By Mark Nicoll | Jun 22, 2021


If you get a headache, you’ll probably take a paracetamol, drink plenty of water, the headache goes and life’s back to normal pretty quickly.

But what if this headache persists? 

You get concerned and want to know the cause of it so you can make it stop.

The above analogy is the same with mental health problems, though unlike a headache, they take time to manifest, need time to mature and come to the surface. 

Especially now people are working from home more, change for some can lead to increased anxiety. 

By this time, the issues are engrained, embedded in our heads and it’s tough to re-set to how we once were, or how we once perceived things.

So we obviously need to take a closer look at the root of the issue.

Let’s go back in time..

When we started the first iteration of Keep Fit Eat Fit in March 2018 our focus was on the millions of office workers who sat themselves behind a desk all day in an office or at home and only moved to take a leak or grab a sandwich from the canteen.

Yep, the dreaded sedentary time, it’s been written and talked about at length. But maybe it’s time to look again, this time from a different standpoint.

I don’t know about you, but if I am cooped up all day with no exercise I start to get cranky (as my long-suffering partner will testify!). 

But turn that into a week or a few months, and your body and its metabolism changes. 

The endorphins that swirl around your head that would usually make you happy and smile have ceased to reproduce, so now it’s harder to attack that workday with vim and gusto, and so the slow decline in positivity.

You then get an outlook that is fearful, anxiety sets in, and oh boy is it tough to come back from that.

I speak from experience. A bit of exercise and reflexology put me back together (the latter you can do to yourself with a bit of practice, or better still get your other half to help).

The dangers of sedentary behaviour

What sedentary behaviour essentially does is mess with your head.

Unless you move, as human beings were designed to do, you don’t get the blood flow or endorphin kick that your brain needs to remain happy or positive.

And your body’s functions cease to operate effectively.

Over time mental health issues will manifest; we are hunter gathers after all, programmed to be constantly on the move so we can eat, build a fire for warmth etc.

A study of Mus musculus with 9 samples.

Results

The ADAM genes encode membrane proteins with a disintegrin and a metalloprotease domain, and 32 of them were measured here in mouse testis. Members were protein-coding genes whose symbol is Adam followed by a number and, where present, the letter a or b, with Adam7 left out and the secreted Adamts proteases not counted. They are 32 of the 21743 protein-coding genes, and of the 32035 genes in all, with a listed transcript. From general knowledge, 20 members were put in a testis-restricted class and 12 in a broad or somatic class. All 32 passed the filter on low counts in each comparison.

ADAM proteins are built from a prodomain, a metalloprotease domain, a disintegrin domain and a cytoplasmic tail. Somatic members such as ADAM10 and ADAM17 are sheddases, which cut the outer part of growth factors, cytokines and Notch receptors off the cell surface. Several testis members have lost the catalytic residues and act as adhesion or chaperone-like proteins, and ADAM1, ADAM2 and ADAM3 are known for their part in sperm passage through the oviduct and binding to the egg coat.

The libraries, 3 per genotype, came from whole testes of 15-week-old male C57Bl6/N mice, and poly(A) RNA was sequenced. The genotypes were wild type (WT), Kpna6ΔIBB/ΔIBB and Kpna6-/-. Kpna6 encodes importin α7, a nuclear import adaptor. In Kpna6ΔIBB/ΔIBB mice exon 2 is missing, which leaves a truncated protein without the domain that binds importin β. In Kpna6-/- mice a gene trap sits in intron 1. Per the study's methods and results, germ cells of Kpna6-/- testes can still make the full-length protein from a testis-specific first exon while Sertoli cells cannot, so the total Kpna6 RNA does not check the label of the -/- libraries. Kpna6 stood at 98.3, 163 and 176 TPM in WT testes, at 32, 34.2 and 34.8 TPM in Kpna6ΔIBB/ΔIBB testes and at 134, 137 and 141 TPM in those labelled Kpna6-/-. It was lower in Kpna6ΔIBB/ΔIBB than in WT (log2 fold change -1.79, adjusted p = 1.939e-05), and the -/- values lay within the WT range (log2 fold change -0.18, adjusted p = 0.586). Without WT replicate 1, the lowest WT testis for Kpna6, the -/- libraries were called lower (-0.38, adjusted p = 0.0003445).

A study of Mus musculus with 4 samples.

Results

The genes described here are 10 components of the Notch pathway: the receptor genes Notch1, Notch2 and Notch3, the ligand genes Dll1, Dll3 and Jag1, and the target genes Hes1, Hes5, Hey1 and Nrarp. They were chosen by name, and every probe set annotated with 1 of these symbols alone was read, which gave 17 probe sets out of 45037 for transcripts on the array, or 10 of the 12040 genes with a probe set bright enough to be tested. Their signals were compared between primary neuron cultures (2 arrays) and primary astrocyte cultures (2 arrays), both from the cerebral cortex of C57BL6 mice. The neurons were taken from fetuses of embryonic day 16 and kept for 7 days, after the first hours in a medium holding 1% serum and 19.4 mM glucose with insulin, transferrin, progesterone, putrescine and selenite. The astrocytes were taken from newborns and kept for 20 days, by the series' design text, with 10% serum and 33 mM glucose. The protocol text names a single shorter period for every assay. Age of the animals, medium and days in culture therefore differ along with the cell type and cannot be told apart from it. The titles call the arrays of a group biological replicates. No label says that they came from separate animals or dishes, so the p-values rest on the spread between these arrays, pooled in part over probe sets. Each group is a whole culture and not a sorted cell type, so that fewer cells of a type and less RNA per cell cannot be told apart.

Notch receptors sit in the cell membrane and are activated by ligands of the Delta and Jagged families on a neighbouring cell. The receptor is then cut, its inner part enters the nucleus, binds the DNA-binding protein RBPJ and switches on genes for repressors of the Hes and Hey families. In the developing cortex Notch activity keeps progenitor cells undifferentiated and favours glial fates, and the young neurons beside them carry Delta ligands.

In a recent conversation with Professor Valerie Gladwell (our sports scientist who worked with us on our desk-based video exercises) on this subject, we discussed at length the merits of breaking up this “sat down” time.  There is a link to a video we produced with her on this topic here.

The obvious answer to most people would be a standing desk, but standing and sitting are both stationary actions (or inactions).

Valerie explained to us that when sitting for extended periods, our blood pools around our midriff and causes long term damage; arteries clog, fatty deposits start to occur around essential organs, triglyceride levels increase.

And when standing, the same thing happens around the calf muscles and in some cases causes varicose veins (a common complaint with hairdressers).

So is one of the root causes of many of these mental health issues when working from home or during lockdowns a lack of movement? It has certainly added to the pot.

We really need to encourage employees to get up and do a short 2-minute exercise every 30 minutes (they won’t even break into a sweat).

This goes a long way to ensuring that your employees are doing everything they can so as not to walk headlong into this cycle.

Poor mental health can in this way ultimately be borne out of plonking down and sitting at a desk for a whole day.

So to take from the headline, the flood of mental health apps are endemic of a sticky plaster culture. Looking at a small mobile phone screen for extended periods exacerbates the whole issue and causes anxiety.

Isn't it time to take an overall approach to health and wellbeing that looks at the problems in the round, so we can head off some of these issues before they happen, or are we still going to be swimming in band aids in a few years’ time?

Over to you…

Mark Nicoll

Mark Nicoll

I am a co-founder of Keep Fit Eat Fit and have a passion for visual communications as well as health, fitness and overall wellbeing. Having worked for lots of companies as well as myself, I know how important maintaining personal wellbeing is, and have a few pet subjects I will be writing about within our website.